Chelsea Manning letters: ‘I’ve been stored away all this time without a voice’

U.S. Army Private First Class Bradley Manning. © Gary Cameron
American whistleblower and free speech advocate Chelsea Manning, who leaked 750,000 classified US military files to WikiLeaks, has spoken out about her experience of incarceration in a secure military prison.

Despite the restrictions on her freedoms, Manning has become a passionate free speech campaigner, taking opportunities to communicate from prison whenever she can. 

In a tranche of letters sent to Amnesty International UK, she reveals snippets of her past, her life in prison and the perilous path that led her there. Amnesty, which has supported Manning since her arrest, has presented her account in podcast form using the voice of an actress.

Early life 

Manning, who was previously known as Private Bradley Manning, was serving in the US Army in Iraq in 2009 as a military analyst. Troubled by the actions of US forces and their allies, she made a decision to leak a large amount of classified US military files. 

The leak, which her supporters say was in the public interest, led to her incarceration, isolation, and the loss of decades of her freedom. She is now locked up in a secure military prison in the US serving a 35-year sentence.

Speaking to Amnesty, Manning recounted her early life in an insular town in Oklahoma as being rough. She said both of her parents were heavy drinkers and were prone to erratic and abusive behavior. Her father traveled a lot, so much of her childhood was spent with her sister and her mother.

Manning remembers crying a lot and being teased about her appearance and behavior by her peers. By the time she was 15, she says she was locked in a world of denial. During this time, she was based in south west Wales in the UK. She’d sometimes buy make-up in secret, wearing it for a while then throwing it out in a nearby dumpster. She would then repeat this cycle over and over.

It was only in anonymity that Manning was comfortable. She says she could be anyone she wanted to be while online. The former US military analyst made a lot of friends online, many of whom were gay. Manning left the UK in 2005, after which she moved in with her father and new stepmother. Eventually, she left home and made her way to Chicago.

There she became a street kid, who found herself among homeless shelters that were decidedly anti-gay. As the war in Iraq intensified, she inquired about signing up to the military, later joining up in the hope it would make her more masculine. Her official enlistment was in October 2007, after which she reported to basic training.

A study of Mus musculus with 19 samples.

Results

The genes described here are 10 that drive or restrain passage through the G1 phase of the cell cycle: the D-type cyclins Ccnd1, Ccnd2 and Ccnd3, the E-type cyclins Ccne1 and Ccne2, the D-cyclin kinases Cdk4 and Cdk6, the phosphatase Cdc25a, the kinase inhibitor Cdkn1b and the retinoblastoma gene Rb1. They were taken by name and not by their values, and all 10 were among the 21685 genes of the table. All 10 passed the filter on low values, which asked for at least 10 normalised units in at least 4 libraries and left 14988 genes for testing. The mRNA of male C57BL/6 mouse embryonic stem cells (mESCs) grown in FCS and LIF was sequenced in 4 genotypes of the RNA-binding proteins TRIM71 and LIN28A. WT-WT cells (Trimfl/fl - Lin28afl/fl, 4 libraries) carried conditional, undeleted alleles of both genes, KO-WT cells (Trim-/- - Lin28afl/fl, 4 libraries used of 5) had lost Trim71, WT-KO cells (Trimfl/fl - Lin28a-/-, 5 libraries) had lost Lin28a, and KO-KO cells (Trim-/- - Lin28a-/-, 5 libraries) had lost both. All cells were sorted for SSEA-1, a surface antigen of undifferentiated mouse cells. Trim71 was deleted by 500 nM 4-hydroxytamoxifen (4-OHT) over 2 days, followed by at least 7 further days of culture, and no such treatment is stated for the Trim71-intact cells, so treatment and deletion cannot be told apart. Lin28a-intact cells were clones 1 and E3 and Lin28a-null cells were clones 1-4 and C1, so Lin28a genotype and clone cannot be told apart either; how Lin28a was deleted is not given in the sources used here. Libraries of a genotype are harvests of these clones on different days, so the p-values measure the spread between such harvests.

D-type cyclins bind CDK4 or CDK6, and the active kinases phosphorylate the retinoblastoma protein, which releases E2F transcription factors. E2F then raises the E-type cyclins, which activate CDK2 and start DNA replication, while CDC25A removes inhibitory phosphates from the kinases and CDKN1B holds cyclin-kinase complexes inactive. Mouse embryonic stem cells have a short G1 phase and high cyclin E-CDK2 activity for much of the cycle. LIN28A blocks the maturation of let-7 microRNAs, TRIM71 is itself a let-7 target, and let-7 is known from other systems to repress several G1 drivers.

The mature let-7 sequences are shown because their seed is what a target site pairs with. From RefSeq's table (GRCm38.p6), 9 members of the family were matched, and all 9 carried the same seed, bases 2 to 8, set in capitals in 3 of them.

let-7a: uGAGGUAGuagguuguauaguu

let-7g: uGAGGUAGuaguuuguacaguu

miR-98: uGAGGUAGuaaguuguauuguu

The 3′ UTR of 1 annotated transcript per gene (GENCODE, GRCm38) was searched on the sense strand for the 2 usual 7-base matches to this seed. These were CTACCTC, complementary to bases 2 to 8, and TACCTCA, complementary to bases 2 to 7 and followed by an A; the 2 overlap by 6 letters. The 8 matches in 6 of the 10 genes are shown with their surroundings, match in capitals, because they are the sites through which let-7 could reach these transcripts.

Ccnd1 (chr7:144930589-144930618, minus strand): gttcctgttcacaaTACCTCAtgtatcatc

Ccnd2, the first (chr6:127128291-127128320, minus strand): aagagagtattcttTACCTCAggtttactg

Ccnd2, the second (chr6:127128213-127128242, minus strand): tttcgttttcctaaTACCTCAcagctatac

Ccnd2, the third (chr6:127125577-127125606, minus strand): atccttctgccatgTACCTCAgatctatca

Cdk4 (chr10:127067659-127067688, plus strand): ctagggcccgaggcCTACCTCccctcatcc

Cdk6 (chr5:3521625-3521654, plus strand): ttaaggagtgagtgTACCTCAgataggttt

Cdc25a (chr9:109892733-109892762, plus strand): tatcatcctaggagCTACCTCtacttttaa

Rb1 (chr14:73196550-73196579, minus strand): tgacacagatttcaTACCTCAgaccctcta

In the early phase of training, she was criticized by a training officer over the color of her hot pink phone.

Life in the military 

Her role as an all-source intelligence analyst was to monitor raw intelligence and combine it to produce reports or slideshows.

Manning often spent a lot of time online during her time off. She was anxious and depressed. She says strategic mistakes in the military often led to a loss of life, and the burden of this knowledge was hard for her.

Among the files Manning leaked were images of US forces indiscriminately firing on Iraqi civilians. The footage, which was taken from a military helicopter in 2007 as its gunners killed 12 people and wounded two children, was released by WikiLeaks under the title ‘Collateral Murder.’

U.S. Army Private First Class Bradley Manning. © Reuters

The victims were shown to be carrying camera equipment, and the dead included two employers of news agency Reuters. Despite this fact, the Pentagon never publicly released the images and cleared those who were implicated in the atrocities of all wrongdoing.
Also among Manning’s leaks were the Iraq and Afghan war logs and a series of explosive diplomatic cables.

After leaking the classified files, Manning thought she might be discharged from the military and forced to spend several years in prison. She said she thought she would be demonized and her gender identity would be used against her.

Arrest and detention 

Manning was eventually arrested by the US Army’s criminal investigation team in 2010. Four days later she was transferred to Kuwait, where she was forced to subsist in solitary confinement. Manning says she was not treated with respect or dignity during her detention and she found this time very difficult. She told Amnesty she lost track of time and was living in a mental blur.

When she arrived in Virginia in the US, Manning says she was transferred to another secure base. She was then placed in a secure cell in an empty block and was unable to communicate with anyone. She had no privacy because she was constantly monitored, yet barely had any contact with others. She is still based in military prison, and is due to serve the remainder of her sentence there.

Amnesty is calling on US authorities to free Manning immediately. The human rights group argues she is spending decades in prison because she shared sensitive information that she thought would cast light on abuses and spark meaningful debate on the US-UK Iraq war. 

Amnesty says Manning, who was unable to use this defense at her tribunal, has been punished too severely for her actions.

The US government never publicly investigated the abuses Chelsea Manning exposed. Nevertheless, the former US military analyst continues to pay a high price for blowing the whistle.